While discussing the recent lawsuit filed by the United States Securities and Exchange Commission (SEC) against cryptocurrency trading platform Coinbase, Jim Cramer mispronounced the names of two well-known digital assets – Cardano (ADA) and Solana (SOL), which earned him ridicule from the founder of Cardano and his followers.
Indeed, the American author, journalist, and eccentric host of CNBC’s show ‘Mad Money’ referred to the above cryptocurrencies as “Cardanzo” and “Solano,” despite stating that “we all kinda know them” in a video retweeted by Charles Hoskinson, who added “It’s Car Dano Jim,” on June 6.
It's Car Dano Jim. https://t.co/MiKKedgLiS— Charles Hoskinson (@IOHK_Charles) June 6, 2023
As it happens, Cramer has already earned a significant amount of scorn from the crypto community as a vocal crypto industry critic (as in this video) and his often inaccurate predictions regarding certain digital assets, including suggesting investors sell Bitcoin (BTC) just as the flagship decentralized finance (DeFi) asset started to soar.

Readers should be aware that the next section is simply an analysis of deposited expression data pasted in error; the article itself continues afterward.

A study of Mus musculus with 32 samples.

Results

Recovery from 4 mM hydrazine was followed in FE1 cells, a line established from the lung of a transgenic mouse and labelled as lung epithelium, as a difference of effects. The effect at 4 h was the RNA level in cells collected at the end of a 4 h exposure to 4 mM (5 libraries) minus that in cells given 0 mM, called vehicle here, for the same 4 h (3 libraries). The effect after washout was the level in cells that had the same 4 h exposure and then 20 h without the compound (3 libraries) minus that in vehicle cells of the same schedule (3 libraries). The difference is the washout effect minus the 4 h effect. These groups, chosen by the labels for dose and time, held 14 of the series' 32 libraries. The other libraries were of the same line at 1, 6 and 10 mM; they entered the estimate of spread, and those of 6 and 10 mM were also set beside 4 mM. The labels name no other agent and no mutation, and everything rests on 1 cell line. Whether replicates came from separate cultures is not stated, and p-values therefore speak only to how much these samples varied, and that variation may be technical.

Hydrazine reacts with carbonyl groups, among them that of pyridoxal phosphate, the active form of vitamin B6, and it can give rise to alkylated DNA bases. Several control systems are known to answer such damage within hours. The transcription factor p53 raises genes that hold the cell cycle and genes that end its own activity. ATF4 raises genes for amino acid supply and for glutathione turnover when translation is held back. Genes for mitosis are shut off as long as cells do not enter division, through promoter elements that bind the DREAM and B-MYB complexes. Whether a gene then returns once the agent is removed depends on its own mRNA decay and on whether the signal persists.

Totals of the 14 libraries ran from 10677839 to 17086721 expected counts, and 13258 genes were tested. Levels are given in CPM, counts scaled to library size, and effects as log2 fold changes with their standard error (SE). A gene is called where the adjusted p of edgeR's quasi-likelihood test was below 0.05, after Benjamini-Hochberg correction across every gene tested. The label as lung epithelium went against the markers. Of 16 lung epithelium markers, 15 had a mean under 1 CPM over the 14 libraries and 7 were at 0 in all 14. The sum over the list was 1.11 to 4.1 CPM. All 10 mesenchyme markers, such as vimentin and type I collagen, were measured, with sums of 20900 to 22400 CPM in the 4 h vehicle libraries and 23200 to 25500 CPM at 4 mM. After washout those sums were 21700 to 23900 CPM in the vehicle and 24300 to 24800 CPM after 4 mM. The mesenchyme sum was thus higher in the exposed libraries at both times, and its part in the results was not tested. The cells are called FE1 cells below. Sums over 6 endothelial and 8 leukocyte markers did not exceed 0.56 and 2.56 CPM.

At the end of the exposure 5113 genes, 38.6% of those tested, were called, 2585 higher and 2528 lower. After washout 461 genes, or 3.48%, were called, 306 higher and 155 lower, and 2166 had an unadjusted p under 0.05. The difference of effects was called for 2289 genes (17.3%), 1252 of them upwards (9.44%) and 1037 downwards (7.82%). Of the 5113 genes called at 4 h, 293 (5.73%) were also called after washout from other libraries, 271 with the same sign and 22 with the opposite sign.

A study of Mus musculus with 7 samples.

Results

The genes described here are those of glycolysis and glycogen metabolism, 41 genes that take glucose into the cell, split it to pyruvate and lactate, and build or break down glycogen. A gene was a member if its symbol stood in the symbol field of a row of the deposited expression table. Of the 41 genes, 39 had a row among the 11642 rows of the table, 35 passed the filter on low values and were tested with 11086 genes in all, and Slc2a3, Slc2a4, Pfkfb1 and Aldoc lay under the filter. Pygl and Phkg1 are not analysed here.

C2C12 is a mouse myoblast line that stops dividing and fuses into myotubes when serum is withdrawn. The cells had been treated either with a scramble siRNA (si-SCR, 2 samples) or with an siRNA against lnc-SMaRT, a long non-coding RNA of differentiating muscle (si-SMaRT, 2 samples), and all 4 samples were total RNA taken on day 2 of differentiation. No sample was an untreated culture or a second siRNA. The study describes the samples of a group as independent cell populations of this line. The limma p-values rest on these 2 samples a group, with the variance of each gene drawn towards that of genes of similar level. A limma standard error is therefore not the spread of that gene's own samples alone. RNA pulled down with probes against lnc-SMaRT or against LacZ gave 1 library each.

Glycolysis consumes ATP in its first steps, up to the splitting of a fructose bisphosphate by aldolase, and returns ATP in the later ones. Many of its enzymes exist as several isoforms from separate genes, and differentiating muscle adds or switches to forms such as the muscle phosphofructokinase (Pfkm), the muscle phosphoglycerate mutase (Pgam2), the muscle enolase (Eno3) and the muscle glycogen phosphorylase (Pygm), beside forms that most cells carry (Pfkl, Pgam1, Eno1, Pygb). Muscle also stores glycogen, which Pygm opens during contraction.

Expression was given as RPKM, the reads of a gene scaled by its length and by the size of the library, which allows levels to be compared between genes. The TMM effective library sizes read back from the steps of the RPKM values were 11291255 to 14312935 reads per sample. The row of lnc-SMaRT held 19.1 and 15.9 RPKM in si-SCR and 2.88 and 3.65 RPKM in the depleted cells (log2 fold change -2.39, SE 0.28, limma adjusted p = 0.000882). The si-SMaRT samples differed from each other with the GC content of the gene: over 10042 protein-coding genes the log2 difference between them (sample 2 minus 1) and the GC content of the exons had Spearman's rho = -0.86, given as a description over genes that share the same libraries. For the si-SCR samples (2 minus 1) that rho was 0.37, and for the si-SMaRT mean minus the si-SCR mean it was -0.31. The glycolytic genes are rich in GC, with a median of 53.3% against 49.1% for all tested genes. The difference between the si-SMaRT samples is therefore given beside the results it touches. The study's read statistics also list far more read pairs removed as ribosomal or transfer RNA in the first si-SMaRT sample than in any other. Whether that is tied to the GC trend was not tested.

Meanwhile, the keyword “#Cardanzo” is already trending on Twitter, as the crypto crowd has taken to it as its new catchphrase, posting jokes such as “Cardano is dead. Long live Cardanzo” and “Bullish on Cardanzo.”
Hoskinson demands clear rules
More recently, Hoskinson also retweeted the screenshot posted by unusual_whales, which shows that someone had bought 19% out of the money (OTM) Coinbase (NASDAQ: COIN) options expiring in four days for $107,000 one day before the SEC lawsuit, turning $100,000 to millions as those positions went up “nearly 2,572%.”
Additionally, as the Twitter user pointed out, “Someone always knows.” Commenting on the above finding, the founder of the blockchain giant said that “Remember that we all need to be protected,” adding in the comments that “We need to pass a law” to achieve this.
Elsewhere, after the SEC filed a lawsuit against Binance, Hoskinson urged the participants in the crypto sector to “set aside its fragmented nature and unite for a common set of rules and guidelines that can prevent the United States from slipping into a dystopia that would make [George Orwell’s novel] ‘1984’ look like a vacation.”